Essay Role of African Americans in WWII

Essay Role of African Americans in WWII

World War II presented several new opportunities for African Americans to participate in the war effort and thereby begin to earn an equal place in American society and politics. From the beginning of the war, the black media urged fighting a campaign for a “Double Victory”: a global victory against fascism at the warfront and national victory over racism at the homefront. In spite of the literary and artistic achievements of the Harlem Renaissance, the economic or political gains that the black community expected did not come to light from the African American participation in the First World War. (Perry 89) Thus the black media aimed to obtain that foothold that would bring about racial equality. They emphatically declared that there would be no lessening of racial activism, in order to present a consolidated front to America’s enemies.
On the home front, A. Philip Randolph’s threat to force a march on Washington to advocate for civil rights in wartime employment represented this new stance. When government defense contracting first started in the early 1940s, the US government acquiesced to the demands of many corporations that solely stipulated white hiring. For instance, of 100,000 aircraft workers in 1940, only 240 of the...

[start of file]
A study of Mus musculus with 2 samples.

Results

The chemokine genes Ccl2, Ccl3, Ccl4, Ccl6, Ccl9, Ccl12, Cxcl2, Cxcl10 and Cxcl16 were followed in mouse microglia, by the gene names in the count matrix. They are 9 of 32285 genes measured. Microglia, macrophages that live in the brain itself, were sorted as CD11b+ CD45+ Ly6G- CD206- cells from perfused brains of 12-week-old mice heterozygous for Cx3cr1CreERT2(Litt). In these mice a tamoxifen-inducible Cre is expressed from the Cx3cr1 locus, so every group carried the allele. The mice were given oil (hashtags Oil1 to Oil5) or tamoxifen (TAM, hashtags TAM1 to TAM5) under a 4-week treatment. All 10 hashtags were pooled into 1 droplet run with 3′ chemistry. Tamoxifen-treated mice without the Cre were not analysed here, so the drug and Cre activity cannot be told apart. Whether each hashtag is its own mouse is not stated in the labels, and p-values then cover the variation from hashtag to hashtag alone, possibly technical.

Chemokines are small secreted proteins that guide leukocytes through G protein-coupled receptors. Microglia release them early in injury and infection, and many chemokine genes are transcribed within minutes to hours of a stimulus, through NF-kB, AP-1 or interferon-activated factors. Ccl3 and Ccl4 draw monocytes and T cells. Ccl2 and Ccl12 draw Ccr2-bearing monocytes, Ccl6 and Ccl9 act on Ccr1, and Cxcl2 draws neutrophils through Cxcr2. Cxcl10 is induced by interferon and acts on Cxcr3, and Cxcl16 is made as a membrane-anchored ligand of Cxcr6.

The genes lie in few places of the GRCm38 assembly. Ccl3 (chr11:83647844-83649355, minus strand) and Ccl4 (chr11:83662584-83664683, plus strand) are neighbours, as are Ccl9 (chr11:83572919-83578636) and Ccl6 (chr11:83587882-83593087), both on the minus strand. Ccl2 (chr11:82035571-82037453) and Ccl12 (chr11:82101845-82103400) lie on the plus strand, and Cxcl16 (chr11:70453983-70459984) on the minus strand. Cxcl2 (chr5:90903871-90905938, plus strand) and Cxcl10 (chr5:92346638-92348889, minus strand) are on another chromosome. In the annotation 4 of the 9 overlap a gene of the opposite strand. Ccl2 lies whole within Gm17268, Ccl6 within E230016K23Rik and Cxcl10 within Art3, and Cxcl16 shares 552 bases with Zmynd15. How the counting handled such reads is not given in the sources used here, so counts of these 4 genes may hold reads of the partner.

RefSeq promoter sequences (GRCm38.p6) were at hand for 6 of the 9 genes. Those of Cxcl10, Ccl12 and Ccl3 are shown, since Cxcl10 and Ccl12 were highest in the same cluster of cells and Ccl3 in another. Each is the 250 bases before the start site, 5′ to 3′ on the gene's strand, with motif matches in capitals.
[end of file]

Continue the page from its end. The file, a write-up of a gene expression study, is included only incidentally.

Jeffries, John. Wartime America: The World War II Home Front. Chicago: Ivan R. Dee, 1996. Print. American Way.
Kelley, Roger E. "America’s World War II Home Front Heritage." Cr.nps.gov. United States, n.d. Web.
Kersten, Andrew E. "African Americans and World War II." Organization of American Historians Magazine of History. Organization of American Historians, n.d. Web.
Kimble, Lionel, Jr. "I Too Serve America: African American Women War Workers in Chicago." Lib.niu.edu. Northern Illinois University, n.d. Web.
The National WWII Museum. African Americans in World War II Fighting for a Double Victory. New Orleans: National WWII Museum, n.d. National WWII Museum. Web.
Takaki, Ronald. Double Victory: A Multicultural History of America in World War II. N.p.: Little Brown and, n.d. Print.